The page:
Tokyo: First Impressions
I felt that for my first post it would be appropriate to write about my first impressions of Tokyo. When I wrote the light-hearted piece, I was still very new to Tokyo but had lived in Osaka for over 7 years, and loved it.
Somehow, coming to Tokyo was like experiencing culture shock all over again. Now it’s six months later and most of my impressions hold true. I will however, make some additions and revisions in the near future. For now, please enjoy an American’s view of Tokyo from an Osakan perspective. Does that even make sense?
1. “Tokyo Zombie” is not a work of fiction, it’s a documentary.
Never before have I seen a group of people so devoid of emotion and expression. It’s as if I am living in a George Romero film. Unless you know one of these zombies personally, everyday encounters with them will be limited to random crashes. They ride the trains and walk the streets, as if piloted by an otherworldly source. We all know that zombies aren’t polite, so you can expect that you will almost never get apologized to after they crash into you. If Osakans get a bad rep for being loud, Tokyoites should have one for being dead.
2. (Related to number 1) Tokyoites are extremely slow.
Whether it’s walking or running, buying a ticket or making a hard decision, my 94 year old grandfather with alzheimer’s could do it faster. It only makes sense that zombies would walk at a snail’s place, but apparently this breed of zombie is cognizant enough to make store purchases and walk up stairs, just not coherent enough to do it quickly. The paradox here is that Tokyo is known for it’s hard working populace. But how can things get done if it takes so long? Wait a minute…
There is one instance when these zombie go from Romero to Snyder, and that is when train doors are about to close. Watch out, when they speed up, they really fly.
3. (Possibly related to number 1) A significant number of people in Tokyo have bad skin, at least enough to make it noticeable.
I have no explanation for this other than the fact that they are zombies. The bad skin ranges from acne to pock marks and knows no age boundary. Is it the water?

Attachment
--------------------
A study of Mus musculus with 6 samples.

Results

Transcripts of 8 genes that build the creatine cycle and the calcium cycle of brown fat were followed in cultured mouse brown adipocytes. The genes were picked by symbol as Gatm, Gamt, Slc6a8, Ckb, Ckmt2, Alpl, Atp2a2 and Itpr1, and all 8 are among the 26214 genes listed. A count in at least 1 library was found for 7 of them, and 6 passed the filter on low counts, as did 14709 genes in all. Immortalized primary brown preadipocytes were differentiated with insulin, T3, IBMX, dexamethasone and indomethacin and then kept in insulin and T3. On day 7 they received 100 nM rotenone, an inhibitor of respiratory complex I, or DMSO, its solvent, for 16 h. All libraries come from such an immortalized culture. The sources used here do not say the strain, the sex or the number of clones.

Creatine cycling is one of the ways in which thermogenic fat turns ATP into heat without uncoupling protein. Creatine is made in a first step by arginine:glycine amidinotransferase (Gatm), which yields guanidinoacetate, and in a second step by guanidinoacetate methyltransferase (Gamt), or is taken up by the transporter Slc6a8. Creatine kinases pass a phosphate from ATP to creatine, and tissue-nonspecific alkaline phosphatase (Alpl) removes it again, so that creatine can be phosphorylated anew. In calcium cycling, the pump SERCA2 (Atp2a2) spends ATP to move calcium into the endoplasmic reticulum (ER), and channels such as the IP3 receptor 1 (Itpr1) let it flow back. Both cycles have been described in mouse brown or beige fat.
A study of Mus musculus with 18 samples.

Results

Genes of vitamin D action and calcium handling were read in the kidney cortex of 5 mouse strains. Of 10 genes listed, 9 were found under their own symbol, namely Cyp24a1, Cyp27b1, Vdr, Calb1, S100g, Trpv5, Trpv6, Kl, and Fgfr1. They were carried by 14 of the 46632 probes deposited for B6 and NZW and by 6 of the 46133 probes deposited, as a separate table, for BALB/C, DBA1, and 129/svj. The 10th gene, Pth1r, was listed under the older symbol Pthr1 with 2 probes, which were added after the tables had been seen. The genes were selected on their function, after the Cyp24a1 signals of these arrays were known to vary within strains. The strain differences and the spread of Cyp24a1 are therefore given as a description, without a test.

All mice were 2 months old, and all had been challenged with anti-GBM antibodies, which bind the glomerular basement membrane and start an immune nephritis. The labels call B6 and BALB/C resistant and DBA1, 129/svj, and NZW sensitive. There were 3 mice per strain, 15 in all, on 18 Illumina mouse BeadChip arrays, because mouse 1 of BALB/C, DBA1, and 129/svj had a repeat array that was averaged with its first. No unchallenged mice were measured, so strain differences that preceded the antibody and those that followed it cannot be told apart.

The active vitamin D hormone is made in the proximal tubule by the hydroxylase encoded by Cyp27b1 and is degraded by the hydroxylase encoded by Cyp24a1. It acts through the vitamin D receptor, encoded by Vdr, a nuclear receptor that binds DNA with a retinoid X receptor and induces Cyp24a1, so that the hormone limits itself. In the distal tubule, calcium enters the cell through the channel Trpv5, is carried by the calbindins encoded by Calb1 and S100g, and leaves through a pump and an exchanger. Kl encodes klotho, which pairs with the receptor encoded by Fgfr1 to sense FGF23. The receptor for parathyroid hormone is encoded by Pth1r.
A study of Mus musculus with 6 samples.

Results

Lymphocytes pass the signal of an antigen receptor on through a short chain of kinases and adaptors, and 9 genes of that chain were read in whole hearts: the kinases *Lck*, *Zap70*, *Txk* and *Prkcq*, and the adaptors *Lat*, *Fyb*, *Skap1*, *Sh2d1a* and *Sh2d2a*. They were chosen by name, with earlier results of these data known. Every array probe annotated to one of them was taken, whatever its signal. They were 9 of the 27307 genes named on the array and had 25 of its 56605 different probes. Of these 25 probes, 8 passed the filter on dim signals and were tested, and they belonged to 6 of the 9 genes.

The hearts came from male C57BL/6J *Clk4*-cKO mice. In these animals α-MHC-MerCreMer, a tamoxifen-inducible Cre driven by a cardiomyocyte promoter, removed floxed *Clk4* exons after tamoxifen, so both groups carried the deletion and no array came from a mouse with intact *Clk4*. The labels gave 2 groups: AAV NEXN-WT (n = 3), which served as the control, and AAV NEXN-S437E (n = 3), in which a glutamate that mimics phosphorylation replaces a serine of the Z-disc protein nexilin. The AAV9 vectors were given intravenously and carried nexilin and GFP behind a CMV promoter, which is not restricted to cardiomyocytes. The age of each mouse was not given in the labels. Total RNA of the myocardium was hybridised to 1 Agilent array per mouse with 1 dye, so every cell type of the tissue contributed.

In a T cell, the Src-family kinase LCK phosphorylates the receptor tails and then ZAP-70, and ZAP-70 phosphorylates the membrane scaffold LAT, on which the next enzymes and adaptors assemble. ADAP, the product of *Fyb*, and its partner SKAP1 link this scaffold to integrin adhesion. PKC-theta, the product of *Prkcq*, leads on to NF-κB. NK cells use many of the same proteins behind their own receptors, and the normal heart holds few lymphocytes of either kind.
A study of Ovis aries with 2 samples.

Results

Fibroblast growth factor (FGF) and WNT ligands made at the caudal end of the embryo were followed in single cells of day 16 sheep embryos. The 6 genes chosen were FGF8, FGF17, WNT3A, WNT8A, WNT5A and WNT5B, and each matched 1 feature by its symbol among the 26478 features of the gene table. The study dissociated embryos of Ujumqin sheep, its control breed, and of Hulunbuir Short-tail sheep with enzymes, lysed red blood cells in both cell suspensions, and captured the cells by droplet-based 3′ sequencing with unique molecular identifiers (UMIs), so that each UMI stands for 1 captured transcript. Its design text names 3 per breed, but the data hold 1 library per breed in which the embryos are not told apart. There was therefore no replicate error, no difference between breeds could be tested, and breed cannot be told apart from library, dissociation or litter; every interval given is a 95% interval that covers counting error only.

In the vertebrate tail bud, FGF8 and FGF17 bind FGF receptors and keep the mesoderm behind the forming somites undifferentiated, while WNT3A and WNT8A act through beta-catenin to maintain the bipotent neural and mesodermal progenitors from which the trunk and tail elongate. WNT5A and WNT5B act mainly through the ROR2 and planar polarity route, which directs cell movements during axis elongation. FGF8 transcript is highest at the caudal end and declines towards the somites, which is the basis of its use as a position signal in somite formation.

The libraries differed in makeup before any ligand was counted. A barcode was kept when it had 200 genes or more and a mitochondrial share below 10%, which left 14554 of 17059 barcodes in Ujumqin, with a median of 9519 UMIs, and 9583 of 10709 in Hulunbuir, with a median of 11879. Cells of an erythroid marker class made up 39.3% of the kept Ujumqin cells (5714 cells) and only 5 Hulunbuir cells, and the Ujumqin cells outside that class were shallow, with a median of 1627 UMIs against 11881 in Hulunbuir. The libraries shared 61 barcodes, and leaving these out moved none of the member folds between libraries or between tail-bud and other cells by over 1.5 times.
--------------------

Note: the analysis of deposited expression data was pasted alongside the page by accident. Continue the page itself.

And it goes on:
4. The women in Tokyo are master illusionists.
Tokyo is home to some of the most beautiful women in Japan. Unfortunately, I don’t ever get the chance to see them. All I see on the subway are zombies. And sometimes when I think I have finally found a gem, I realize that it’s just the clothes that look good. One look at what these girls are sporting and you realize soon enough that Tokyo is indeed the fashion capital of Japan. They really know how to dress. Add to that the fact that Tokyoites tend to be thinner than their Osakan counterparts and you can see how easy it would be to be enchanted by these sorceresses’ spells. Unfortunately, from my casual observations, it seems that although there are some incredibly beautiful women here, the majority of them fall into the mediocre but dress well category. Supernatural deception?
5. On just about every occasion that I have been out, whether it be with the CEO of a company, a friend, or someone I just met, someone will invariably mention how cheap the food/drink is.
I can only think of this as some sort of self-affirmation. Tokyo is so expensive that maybe we can trick ourselves into thinking something is cheap when it’s not. Or maybe if we remind ourselves when something is cheap, we won’t feel bad when we do have to spend money. This seems to happen regardless of price.
6. Tokyo is extremely expensive. Sure if you look hard enough, you can find things at reasonable prices but overall, to enjoy Tokyo to the fullest, one needs a good amount of cash. Zombies and sorceresses are apparently well paid.
7. (Here comes a positive observation.) Tokyo has something for everyone and stores are open late.
There are definitely tons of places to drink, eat, and hang out here. This place houses so many areas each with their own distinctive style and flavor. In terms of coolness, nowhere in Japan holds a candle to Tokyo.